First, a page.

National Labor Committee (NLC) executive director Charles Kernaghan will host a lecture and discussion on human rights issues and sweatshops around the world today in Smith Center Ballroom from 1:15 to 2:45 p.m.
“This is an opportunity for labor activists and scholars to network and get some education. Also, get students to learn more about these issues,” said Jocelyn Furbush, a member of Students for Unity.
Kernaghan’s visit to Portland State University is part of the national labor conference starting today and running through Sunday, May 6.
Kernaghan will discuss general labor organizing locally and nationally, attempts to influence labor environment practices, contracts in universities and to get a code of conduct on human rights.
In Spring of 1996, Kernaghan made headlines when he testified in Congress about 13-year-old Honduran girls who were being forced to work 13 hours a day under armed guard and received 31 cents per hour for sewing pants for WalMart and Kathie Lee Gifford labels, according to an Occidental College press release.This was one of the NLC’s efforts that drew public attention to child labor and sweatshops.
The NLC has sponsored students across the country to investigate the working conditions in sweatshops across the globe.
The NLC was founded in 1981. Its purposes are to investigate human rights and labor abuses on their tours, which they publish in reports. In addition, NLC instigates campaigns to protect trade unionists and human rights activists.A recent report published on the NLC Web page deals with “Colombia: A Case of Genocide Against Unionists.”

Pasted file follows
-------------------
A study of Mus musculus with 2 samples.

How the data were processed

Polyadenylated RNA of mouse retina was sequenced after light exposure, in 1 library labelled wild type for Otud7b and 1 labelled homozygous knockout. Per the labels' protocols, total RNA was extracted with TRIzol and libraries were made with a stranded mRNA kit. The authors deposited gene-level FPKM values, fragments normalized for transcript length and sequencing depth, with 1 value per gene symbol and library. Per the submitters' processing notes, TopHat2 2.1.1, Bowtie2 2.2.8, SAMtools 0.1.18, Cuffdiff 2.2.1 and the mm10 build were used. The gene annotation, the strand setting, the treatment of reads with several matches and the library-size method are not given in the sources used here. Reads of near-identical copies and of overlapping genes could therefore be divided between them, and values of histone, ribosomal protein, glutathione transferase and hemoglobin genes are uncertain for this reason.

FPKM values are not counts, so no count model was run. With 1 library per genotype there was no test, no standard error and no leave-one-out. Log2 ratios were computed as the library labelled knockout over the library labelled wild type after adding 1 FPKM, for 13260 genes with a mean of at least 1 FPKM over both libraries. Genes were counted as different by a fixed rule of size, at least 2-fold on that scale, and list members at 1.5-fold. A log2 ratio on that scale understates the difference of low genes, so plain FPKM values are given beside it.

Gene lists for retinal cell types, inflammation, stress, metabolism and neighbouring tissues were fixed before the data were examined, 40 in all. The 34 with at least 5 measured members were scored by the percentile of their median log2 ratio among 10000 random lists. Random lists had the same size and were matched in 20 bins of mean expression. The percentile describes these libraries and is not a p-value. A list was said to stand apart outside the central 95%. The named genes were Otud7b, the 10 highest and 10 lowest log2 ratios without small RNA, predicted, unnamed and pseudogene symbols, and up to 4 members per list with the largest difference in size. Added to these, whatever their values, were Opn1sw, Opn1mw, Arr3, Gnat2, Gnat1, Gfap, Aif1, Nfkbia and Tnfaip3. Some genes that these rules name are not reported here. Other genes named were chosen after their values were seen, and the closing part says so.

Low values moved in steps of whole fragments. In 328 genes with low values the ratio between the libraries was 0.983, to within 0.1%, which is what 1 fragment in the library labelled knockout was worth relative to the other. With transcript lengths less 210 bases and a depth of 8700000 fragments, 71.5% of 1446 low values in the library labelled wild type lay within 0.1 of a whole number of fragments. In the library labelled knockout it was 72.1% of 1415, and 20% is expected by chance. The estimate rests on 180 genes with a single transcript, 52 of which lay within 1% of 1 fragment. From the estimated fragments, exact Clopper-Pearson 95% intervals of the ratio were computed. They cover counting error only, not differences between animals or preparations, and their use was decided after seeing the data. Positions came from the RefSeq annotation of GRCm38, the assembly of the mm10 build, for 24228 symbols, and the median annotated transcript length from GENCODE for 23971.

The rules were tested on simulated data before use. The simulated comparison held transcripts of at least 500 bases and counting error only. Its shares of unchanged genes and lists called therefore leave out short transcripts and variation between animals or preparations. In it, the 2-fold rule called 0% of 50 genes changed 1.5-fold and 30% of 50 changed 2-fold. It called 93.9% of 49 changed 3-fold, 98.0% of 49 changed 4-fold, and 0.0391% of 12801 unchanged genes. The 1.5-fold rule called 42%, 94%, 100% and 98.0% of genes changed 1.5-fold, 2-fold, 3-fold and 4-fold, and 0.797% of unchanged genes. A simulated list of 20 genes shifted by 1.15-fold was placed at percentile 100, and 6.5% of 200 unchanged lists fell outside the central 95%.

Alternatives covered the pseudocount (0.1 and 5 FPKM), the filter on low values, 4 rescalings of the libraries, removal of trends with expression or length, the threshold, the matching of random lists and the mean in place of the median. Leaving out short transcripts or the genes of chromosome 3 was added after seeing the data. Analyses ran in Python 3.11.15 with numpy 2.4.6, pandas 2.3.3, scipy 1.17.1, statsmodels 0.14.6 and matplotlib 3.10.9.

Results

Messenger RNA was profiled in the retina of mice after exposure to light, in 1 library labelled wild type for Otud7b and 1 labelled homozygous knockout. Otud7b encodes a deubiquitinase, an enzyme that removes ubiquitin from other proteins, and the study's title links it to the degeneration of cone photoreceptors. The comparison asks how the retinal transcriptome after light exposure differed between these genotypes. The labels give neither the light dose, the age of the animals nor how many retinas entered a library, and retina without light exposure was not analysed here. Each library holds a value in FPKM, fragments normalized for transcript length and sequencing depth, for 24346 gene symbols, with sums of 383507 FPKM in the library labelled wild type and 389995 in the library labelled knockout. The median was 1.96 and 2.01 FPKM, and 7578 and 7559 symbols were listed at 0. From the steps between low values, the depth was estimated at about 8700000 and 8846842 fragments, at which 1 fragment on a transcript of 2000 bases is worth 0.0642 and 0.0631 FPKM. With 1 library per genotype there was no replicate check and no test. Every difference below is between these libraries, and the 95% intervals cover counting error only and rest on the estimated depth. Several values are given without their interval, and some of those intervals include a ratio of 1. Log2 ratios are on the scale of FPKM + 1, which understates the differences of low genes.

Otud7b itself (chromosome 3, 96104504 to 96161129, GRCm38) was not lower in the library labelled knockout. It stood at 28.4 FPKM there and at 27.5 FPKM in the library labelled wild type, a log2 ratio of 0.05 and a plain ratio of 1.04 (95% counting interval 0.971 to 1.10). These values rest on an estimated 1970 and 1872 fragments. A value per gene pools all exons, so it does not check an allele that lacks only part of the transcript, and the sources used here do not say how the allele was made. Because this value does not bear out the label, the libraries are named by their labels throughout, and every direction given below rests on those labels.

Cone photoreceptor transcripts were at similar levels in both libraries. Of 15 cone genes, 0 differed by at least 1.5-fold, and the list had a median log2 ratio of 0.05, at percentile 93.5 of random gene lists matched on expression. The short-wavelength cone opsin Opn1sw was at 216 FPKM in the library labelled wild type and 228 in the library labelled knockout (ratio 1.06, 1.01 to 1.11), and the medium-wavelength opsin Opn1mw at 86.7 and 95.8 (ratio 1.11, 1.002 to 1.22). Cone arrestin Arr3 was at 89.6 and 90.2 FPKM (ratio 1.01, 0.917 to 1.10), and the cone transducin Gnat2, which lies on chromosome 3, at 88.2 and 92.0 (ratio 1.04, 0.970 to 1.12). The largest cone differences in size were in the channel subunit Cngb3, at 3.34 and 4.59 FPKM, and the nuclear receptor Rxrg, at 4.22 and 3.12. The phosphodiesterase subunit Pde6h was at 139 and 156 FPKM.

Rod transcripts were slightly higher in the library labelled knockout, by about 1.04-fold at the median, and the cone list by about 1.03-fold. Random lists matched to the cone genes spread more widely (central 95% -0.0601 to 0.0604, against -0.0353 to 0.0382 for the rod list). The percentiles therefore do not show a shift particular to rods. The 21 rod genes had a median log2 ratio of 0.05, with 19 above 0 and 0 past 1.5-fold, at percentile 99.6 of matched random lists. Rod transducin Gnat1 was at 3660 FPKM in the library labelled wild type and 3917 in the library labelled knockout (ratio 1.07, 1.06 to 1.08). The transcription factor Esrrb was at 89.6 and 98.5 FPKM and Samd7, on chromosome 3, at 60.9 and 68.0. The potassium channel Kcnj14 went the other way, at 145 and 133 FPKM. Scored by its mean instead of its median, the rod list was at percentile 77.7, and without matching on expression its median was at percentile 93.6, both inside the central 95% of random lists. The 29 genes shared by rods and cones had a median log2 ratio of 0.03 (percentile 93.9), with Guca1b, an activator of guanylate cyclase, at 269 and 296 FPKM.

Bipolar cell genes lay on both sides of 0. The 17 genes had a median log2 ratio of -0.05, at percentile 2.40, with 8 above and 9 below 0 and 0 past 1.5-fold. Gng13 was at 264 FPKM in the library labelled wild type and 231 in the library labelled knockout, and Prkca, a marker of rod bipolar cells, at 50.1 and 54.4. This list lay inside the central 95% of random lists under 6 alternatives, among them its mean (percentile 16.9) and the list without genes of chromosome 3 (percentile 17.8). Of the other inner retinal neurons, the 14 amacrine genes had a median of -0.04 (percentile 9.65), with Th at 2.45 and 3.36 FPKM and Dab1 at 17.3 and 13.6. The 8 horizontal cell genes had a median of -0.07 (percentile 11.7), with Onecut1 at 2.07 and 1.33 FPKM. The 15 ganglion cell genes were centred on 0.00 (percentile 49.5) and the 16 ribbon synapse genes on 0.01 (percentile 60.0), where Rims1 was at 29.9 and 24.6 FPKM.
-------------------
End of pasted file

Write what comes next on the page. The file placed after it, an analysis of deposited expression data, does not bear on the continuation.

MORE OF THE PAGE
According to the report, three out of every five unionists killed in the world are Columbian, making Columbia the most dangerous country in the world for trade unionists. Thirty union teachers are murdered annually.
Twenty-seven trade unionists either disappeared or were assassinated in the first two-and-a-half months of 2001. Wages for factory workers are as low as 56 cents an hour.
The paramilitaries account for 56 percent of the killing of trade unionists, the state is responsible for 4 percent and the guerrillas for 25.5 percent.
“And, while thousands of trade unionists have been murdered, the government has never found even one person guilty of such assassinations,” stated the report.
The United States has also been ridiculed for providing military aid to Columbia at an unprecedented rate.
Trade unionists and human rights workers opposed the “Plan Columbia” allocation of approximately $1 billion in military aid to the country.
If this plan is implemented, “this wave of violence will increase,” said Tarsicio Rivera Munoz, vice president of the teachers’ union (FECODE) in Columbia.
The United Nations High Commission of Human Rights urges the United States to maintain a consistent human rights policy.
To learn more about NLC attend the lecture or visit www.nlcnet.org.